Free covid testing set Friday at fairgrounds

Mecklenburg County’s older students to stay at home, for now

Trustees accept recommendation to continue remote learning for secondary grades as COVID-19 strikes at several schools


Jeffress in running as NL top reliever

Comet alum is one of three finalists for NL Reliever of the Year honors after his first year in bullpen with Chicago Cubs






South Boston News
Rodney McCargo, left, leads children on a stop, drop and roll drill in the Wee School parking lot. / October 12, 2020

As part of the National Fire Safety Week, preschool children enrolled at Dan River Baptist Wee School learned fire safety techniques on Friday. The South Boston Fire Department with Chief Steve Phillips, firefighters Rodney Crowell, Matthew Lewis, and John Benoun brought a fire engine and a fire rescue vehicle to the school.

At first the children, aged two to four, were quiet and reserved, but it didn’t take long for Crowell to get them engaged by having them count their numbers out loud. One youngster in the group, sporting a firefighter’s jacket, Issac Williams, was called up to help lead the class.

If you are on fire, “you need to stop, drop, cover your face, and roll,” said Crowell.

Future firefighter Issac demonstrated the move first. Then all the students practiced the stop, drop, cover, and roll procedure several times in the parking lot.

Another important lesson learned — when you get out of a burning house, stay out. With two students and teacher as volunteers, Crowell led the students out of a make-believe house, but the teacher was left inside.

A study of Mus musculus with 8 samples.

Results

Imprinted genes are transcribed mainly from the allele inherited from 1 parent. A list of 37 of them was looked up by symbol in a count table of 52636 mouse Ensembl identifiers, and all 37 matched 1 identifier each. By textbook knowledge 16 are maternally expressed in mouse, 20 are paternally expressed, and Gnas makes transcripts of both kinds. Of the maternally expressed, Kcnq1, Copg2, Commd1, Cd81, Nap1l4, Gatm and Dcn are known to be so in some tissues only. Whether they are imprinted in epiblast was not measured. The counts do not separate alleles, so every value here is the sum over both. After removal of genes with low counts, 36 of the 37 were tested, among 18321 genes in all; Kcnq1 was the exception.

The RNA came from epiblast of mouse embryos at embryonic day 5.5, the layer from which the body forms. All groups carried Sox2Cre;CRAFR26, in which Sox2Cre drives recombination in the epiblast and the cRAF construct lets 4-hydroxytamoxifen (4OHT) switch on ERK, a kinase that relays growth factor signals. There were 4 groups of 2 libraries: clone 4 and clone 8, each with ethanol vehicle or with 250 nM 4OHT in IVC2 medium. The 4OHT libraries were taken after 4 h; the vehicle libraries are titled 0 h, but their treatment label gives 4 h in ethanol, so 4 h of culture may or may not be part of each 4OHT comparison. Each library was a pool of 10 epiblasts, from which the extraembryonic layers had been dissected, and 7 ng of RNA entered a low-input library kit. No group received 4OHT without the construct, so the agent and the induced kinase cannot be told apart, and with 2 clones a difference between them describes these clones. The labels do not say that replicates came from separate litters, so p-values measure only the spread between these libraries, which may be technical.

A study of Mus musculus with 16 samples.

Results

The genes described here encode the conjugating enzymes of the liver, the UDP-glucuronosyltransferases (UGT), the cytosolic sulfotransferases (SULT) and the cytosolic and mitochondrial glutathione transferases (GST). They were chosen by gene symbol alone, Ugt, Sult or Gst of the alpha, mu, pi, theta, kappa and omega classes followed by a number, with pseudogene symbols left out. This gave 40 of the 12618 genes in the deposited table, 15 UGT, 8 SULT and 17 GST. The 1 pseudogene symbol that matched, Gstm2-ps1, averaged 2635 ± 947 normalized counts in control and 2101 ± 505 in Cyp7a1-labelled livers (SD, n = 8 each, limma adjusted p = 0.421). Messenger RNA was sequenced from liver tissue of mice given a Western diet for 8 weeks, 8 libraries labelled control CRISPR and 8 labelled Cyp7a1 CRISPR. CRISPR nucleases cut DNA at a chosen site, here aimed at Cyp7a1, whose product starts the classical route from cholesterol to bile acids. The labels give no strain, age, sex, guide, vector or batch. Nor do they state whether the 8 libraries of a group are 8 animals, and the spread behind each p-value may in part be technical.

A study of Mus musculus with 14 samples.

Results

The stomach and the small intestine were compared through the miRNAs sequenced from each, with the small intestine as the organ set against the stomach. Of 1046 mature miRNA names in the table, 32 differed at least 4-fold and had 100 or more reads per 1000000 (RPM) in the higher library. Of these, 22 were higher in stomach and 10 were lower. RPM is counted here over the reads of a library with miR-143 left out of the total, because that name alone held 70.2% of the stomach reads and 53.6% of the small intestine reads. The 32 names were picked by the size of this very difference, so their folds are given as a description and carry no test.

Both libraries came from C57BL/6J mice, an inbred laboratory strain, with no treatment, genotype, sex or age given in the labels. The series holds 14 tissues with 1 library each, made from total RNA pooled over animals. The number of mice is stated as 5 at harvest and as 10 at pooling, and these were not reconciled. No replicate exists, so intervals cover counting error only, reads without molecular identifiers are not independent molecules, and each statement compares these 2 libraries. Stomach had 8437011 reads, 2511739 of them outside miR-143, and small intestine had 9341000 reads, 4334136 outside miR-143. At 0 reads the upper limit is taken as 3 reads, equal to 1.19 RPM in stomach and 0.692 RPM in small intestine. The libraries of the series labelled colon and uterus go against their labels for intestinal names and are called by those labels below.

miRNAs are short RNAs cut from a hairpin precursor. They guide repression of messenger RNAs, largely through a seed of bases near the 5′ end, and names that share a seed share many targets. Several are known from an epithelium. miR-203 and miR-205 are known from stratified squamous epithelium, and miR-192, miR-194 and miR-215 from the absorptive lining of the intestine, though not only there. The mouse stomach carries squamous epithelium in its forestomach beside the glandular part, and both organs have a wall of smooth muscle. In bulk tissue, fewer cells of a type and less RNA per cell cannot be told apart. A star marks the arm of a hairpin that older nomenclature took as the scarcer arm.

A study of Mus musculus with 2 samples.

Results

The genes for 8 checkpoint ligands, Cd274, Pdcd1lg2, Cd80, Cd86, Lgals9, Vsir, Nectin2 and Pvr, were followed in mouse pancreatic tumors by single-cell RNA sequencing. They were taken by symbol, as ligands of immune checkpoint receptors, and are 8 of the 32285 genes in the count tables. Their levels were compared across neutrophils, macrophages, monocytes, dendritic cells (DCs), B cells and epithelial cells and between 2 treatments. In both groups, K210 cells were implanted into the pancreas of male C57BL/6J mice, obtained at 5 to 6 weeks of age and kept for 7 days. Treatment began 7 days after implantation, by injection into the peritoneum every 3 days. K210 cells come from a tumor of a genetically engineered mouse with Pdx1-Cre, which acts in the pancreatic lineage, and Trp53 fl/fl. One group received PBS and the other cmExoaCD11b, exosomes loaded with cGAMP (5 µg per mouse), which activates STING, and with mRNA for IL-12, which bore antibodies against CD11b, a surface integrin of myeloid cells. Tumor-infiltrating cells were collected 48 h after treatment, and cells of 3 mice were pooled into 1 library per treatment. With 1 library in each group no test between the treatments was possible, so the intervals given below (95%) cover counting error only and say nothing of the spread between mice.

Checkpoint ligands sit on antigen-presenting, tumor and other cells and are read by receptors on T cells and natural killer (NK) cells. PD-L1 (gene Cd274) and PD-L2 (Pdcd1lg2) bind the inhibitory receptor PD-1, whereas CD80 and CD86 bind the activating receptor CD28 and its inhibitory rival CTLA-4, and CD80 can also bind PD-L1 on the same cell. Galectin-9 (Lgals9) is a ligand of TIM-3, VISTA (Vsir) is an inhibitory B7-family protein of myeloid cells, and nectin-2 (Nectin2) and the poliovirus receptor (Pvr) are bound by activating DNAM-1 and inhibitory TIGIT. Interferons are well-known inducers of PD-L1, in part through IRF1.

“We are outside, but who’s missing?” asked Crowell.

“Miss Tingen,” the students yelled.

“It’s important to never go back into your burning home for anyone or anything such as toys,” said Crowell adding this is what firefighters are trained to do. Crowell went back inside and saved the teacher, Stacy Tingen.

When you are out of the house, call 911 and tell the person on the phone it’s an emergency. Also, only call 911 for emergencies. The students practiced saying the emergency call number several times.

Next they watched firefighter Matthew Lewis suit-up in his safety suit.

“Do not hide or be afraid of a firefighter,” said Lewis. “We are here to find and save you during a house fire.

This provided the opportunity to see what a firefighter looks like wearing all their gear. They may resemble a superhero — not someone to be scared of during an actual fire. Students came up close touching the suit and feeling the thickness of the sleeves.

Next, it was time to see the fire engine. All the kids climbed up one side and walked through the backseat area of the truck checking out all the gadgets and equipment. The seatbelts were very exciting due to the rip cord that released the buckle. The buckle was normal to any car seat buckle, but when the kids pulled the release cord, the buckle popped out really fast. Pulling the rip cord got lots of giggles of excitement.

Lastly, every kid earned a firefighter helmet that were red, black, and even pink. Each kid picked the color helmet of their choice.